Despite an overwhelming lack of popular demand, Pun Salad is once again bringing its dull scalpel of political analysis to the 2016 presidential season, the Phony Campaign. Cheap shots, complete lack of respect, and facile reasoning are our guidelines. Simply because the candidates take themselves way too seriously is no reason why we should.
For newcomers: every so often, Pun Salad tabulates how many Google hits are associated with each presidential candidate's name when the additional search term "phony" is added. This reveals how the Web views the relative phoniness of the candidates, and how those perceptions change over the course of the campaign.
In our fantasy world, that is. In reality, these hit counts almost certainly mean less than nothing. They're just an excuse for Pun Salad to bitch about politics and politicians. Which amuses Pun Salad, if nobody else.
Who to include? At least for now, we'll use a wagering site where people bet their own money on likely nominees. Our arbitrary cutoff will be 10-to-1 odds; we'll ignore longer shots. That gives us seven candidates, two Democrats and five Republicans:
|Query String||Hit Count|
|"Jeb Bush" phony||623,000|
|"Hillary Clinton" phony||369,000|
|"Mitt Romney" phony||301,000|
|"Rand Paul" phony||167,000|
|"Elizabeth Warren" phony||97,200|
|"Marco Rubio" phony||90,100|
|"Scott Walker" phony||81,100|
Our chosen site is listing Joe Biden with 16-to-1 odds, and Chris Christie at 11-to-1. Sorry, guys, try harder.
Jeb and Hillary are—gulp!—the current favorites. (3.9-to-1 and 1.41-to-1, respectively.) Pun Salad finds itself in strong agreement with (of all people) Maureen Dowd: "Before these two families release their death grip on the American electoral system, we’re going to have to watch Chelsea’s granddaughter try to knock off George P.’s grandson, Prescott Walker Bush II." (See below for more on Ms. Dowd.)
The biggest shocker to Pun Salad is the relative poor showing
of Elizabeth Warren, aka Fauxcahontas. Although she's facing
stiff phony competition, none has seen fit to lie about
their race/ethnicity for professional benefit. And while she's
self-allegedly the champion of the downtrodden, Andrea
While U.S. Sen. Elizabeth Warren sleeps in her $5 million mansion in Cambridge, and got paid $350,000 to teach just one class at Harvard, she had the audacity to say in an interview with Jon Stewart this week that “the system is rigged to benefit the rich.”
Making predictions about this stuff is perilous, but Liz's phony hit count has to increase as the campaign wears on.
Also surprising is Jeb Bush's solid phony lead. More than Hillary?
More than Mitt? Please.
Jeb's real problem is his positions on Common Core and immigration,
which are anathema to a lot of the GOP base. And yet:
Bush, who earlier declared that a Republican must be willing to “lose the primary” in order to win the general election, announced this week that he is “actively exploring” a potential presidential campaign. Aware that his positions on immigration and Common Core will be significant hurdles, Bush seems intent on doubling down on his moderate positions instead of flip-flopping and coming off as a phony.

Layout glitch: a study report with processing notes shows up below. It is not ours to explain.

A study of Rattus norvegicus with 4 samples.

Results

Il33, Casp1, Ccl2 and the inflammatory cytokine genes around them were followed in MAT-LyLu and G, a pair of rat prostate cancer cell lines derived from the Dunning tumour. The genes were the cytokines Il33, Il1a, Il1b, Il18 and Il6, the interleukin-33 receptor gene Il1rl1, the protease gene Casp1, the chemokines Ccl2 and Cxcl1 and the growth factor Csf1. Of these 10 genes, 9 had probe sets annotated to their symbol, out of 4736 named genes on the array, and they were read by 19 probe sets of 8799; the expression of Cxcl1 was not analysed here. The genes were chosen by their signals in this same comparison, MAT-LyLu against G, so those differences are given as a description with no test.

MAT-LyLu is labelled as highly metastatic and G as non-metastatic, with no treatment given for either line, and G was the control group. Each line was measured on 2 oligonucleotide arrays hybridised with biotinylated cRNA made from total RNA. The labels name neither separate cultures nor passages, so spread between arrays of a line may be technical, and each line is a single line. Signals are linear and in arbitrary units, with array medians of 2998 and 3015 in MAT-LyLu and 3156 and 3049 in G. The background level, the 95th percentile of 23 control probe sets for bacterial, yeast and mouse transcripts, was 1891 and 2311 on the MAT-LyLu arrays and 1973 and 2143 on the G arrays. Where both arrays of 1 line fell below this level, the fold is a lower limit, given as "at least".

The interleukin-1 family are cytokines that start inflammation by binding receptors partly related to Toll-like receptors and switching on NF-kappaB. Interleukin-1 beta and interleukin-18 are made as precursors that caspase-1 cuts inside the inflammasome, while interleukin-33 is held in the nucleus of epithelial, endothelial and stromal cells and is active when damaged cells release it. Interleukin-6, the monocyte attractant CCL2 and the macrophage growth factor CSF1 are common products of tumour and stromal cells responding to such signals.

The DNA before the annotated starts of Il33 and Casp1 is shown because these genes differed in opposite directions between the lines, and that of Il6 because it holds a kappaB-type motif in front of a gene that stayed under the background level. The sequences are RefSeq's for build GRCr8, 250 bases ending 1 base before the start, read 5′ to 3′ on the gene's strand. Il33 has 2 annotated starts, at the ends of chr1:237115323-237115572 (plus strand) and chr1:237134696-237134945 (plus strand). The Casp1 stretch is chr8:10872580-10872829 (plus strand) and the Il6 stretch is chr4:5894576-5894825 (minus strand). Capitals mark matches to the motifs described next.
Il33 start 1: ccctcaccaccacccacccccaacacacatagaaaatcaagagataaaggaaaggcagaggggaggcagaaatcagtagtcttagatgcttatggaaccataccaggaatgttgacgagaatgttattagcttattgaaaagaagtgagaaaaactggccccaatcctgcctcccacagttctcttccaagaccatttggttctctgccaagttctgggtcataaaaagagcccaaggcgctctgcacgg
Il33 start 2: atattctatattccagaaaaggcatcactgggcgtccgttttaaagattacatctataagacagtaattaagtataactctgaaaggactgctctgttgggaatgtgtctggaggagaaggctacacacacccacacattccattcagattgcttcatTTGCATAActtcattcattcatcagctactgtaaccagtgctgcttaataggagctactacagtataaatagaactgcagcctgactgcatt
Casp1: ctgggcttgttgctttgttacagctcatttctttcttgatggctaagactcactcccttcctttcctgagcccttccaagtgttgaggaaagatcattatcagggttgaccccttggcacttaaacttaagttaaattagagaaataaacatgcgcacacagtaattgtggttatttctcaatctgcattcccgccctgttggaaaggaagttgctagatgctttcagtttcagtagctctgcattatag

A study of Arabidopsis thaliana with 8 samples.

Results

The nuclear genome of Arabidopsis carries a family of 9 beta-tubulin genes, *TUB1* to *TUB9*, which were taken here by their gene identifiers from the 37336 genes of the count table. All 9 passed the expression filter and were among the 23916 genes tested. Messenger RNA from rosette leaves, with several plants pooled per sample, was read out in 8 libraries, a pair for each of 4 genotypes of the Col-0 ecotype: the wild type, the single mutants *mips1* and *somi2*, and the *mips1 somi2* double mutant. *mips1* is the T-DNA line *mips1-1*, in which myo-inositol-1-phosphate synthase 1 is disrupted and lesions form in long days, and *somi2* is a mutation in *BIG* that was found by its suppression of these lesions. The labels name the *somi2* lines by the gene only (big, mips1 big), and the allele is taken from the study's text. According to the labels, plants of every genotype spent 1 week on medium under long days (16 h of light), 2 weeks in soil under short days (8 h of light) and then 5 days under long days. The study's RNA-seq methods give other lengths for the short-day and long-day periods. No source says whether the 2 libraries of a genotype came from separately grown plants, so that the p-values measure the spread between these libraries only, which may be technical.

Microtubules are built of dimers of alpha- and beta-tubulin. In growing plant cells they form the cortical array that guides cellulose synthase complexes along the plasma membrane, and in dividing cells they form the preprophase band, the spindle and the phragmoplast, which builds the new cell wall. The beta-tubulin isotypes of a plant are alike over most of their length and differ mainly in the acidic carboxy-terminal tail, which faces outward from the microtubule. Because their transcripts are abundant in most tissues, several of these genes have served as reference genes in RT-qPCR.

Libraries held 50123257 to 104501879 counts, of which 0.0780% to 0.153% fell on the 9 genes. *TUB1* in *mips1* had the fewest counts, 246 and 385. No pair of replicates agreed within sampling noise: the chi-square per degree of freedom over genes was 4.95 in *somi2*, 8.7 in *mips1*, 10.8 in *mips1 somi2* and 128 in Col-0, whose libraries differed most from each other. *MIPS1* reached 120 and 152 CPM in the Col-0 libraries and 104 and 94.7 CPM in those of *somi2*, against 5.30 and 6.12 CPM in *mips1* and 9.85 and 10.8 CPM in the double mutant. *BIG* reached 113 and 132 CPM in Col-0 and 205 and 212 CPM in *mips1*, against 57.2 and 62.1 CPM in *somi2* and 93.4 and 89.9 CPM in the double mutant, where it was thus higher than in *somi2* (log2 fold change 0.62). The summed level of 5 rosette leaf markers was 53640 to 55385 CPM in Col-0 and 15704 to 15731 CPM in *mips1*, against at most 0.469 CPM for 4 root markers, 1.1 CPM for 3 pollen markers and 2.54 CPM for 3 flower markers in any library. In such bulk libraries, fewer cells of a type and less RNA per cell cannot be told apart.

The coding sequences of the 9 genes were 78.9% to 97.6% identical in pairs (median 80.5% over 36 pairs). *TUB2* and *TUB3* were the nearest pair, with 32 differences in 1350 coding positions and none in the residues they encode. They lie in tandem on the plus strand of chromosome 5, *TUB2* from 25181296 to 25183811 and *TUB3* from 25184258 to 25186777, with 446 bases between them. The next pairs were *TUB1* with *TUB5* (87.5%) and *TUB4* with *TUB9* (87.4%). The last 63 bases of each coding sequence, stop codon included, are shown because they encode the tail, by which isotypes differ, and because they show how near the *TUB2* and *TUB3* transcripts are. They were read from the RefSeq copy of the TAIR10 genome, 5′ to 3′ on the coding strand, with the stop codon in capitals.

One problem with our methodology is that certain things are so
obviously true that nobody bothers to point them out. To
a certain extent, for example, calling Hillary a phony is akin
to calling water wet. This may explain her low numbers.
Still, we have the Clinton-loving website
Media Matters for America pointing out:
For more than twenty years, New York Times columnist Maureen Dowd has been attacking Hillary Clinton from a shallow well of insults, routinely portraying the former secretary of state and first lady as an unlikeable, power-hungry phony.
MMfA portrays this history as some sort of deranged obsession on Dowd's part. Hillary non-fans will find it a fascinating summary of why they never liked her.
All the Republican candidates and their
entourages could stand to read and memorize
Jonah Goldberg's recent column "Dear
GOP: Show, Don’t Tell". Key paragraph:
The GOP is infested with anonymous flacks and hacks who get a buzz from talking strategy with the New York Times. They admit they might have to “play the race card” or “go negative.” I don’t even know what the race card means any more, but if you’re going to play it, play it. I’ve never met a poker player who said, “I’m going for an inside straight.” And if you’re going to go negative, by all means go negative. Don’t telegraph to all the world, “This is just a cynical gambit we don’t really believe.” Outrage is so much more believable if you don’t wink to the audience in advance. Don’t worry, plenty of voters, never mind pundits, will catch your phony outrage without the advanced warning.